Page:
It’s difficult to predict how Iranians will react to this election. The peeling back of even the veneer of political choice and change may be the last straw for Iranians and eventually lead to another uprising, just as the shah’s 1975 scrapping of political parties helped spur the 1979 revolution.

Presidential candidate Hassan Rohani casts his ballot during the Iranian presidential election in Tehran today. Millions of Iranians voted to choose a new president on Friday, urged by Supreme Leader Ayatollah Ali Khamenei to turn out in force to discredit suggestions by the United States that the election would be unfair.

Yalda Moayeri/Reuters


That was the year when the shah of Iran, who seemed at the zenith of his power, decided to take down the facade of democracy that had been hiding the dictatorial nature of his regime. He dissolved the two political parties, popularly nicknamed “Yes” and “Yes, Sir,” and replaced them with a single “Yes, Sir” party, called Resurrection. It set him on the road to his own downfall.

With this move, the shah basically gave Iranians three options: Join the party, leave the country, or go to prison. But Iranians recognized that a single party meant the end of any hope that the government would permit democratic reform. Overthrowing the regime became the only logical alternative for a people yearning for independence, freedom, and democracy. This simmering discontent eventually burst out in the 1979 revolution, by which nearly 3,000 years of monarchic despotism were brought to an end.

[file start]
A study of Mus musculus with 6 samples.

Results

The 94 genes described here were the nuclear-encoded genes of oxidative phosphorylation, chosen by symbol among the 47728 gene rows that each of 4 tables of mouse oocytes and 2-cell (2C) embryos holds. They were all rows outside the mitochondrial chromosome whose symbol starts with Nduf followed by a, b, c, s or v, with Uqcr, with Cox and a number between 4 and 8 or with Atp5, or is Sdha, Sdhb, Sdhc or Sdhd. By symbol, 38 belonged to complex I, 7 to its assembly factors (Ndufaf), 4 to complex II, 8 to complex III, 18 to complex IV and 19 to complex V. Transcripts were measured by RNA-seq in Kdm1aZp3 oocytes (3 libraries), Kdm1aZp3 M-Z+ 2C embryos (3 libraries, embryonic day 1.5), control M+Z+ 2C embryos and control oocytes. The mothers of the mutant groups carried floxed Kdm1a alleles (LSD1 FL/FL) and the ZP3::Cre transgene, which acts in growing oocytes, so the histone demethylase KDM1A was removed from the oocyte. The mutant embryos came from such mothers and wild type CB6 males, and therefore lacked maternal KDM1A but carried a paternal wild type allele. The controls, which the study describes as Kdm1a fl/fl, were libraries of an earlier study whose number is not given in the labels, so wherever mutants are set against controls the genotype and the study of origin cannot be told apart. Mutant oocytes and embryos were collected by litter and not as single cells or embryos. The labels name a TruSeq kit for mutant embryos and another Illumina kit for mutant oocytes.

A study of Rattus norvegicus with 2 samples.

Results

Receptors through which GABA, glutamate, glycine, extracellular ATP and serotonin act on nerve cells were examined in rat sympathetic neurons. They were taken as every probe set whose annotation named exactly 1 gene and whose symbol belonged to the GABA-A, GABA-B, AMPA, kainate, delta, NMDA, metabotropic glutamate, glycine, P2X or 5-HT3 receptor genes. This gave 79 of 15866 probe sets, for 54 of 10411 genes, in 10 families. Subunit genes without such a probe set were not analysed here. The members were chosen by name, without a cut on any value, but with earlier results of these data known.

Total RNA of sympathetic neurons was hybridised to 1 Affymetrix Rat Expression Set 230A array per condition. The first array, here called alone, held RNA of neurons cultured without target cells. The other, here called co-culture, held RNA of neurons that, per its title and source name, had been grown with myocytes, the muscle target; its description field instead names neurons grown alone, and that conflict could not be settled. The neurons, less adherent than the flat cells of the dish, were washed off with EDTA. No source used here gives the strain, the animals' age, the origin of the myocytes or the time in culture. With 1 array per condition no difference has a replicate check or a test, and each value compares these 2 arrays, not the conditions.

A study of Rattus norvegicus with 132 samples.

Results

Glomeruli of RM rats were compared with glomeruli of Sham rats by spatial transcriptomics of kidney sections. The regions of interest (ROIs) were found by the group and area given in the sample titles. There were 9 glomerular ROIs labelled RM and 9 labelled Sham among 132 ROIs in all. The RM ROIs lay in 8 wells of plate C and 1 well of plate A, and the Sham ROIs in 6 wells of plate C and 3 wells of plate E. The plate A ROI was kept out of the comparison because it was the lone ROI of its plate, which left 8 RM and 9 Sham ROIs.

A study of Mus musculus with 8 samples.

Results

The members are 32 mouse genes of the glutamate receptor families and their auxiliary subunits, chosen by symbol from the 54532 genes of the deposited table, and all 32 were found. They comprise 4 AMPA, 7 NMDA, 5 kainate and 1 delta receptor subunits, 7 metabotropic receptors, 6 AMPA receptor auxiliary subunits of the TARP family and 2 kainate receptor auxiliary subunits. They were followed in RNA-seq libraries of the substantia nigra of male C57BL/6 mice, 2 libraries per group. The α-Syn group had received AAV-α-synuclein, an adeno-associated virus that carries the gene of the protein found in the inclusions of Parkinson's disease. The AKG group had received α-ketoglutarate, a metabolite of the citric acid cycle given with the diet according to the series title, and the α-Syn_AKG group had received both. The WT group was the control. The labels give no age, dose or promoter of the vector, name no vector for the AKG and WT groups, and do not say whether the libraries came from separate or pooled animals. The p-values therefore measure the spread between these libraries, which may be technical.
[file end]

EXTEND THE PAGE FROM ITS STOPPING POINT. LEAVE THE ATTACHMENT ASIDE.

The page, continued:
But the democratic revolution of nearly 35 years ago was hijacked by the ayatollahs, and now, Supreme Leader Ayatollah Ali Khamenei may be walking in the path of the hated shah.

As the shah abolished the two-party system, so has Mr. Khamenei abolished any semblance of a competitive slate of candidates for today’s election. The Iranian Guardian Council, which vets presidential candidates, has eliminated those candidates who might have been perceived as having a reform or independent streak in them, including former President Akbar Hashemi Rafsanjani, whom the council declared unfit to run – to the dismay of reformists.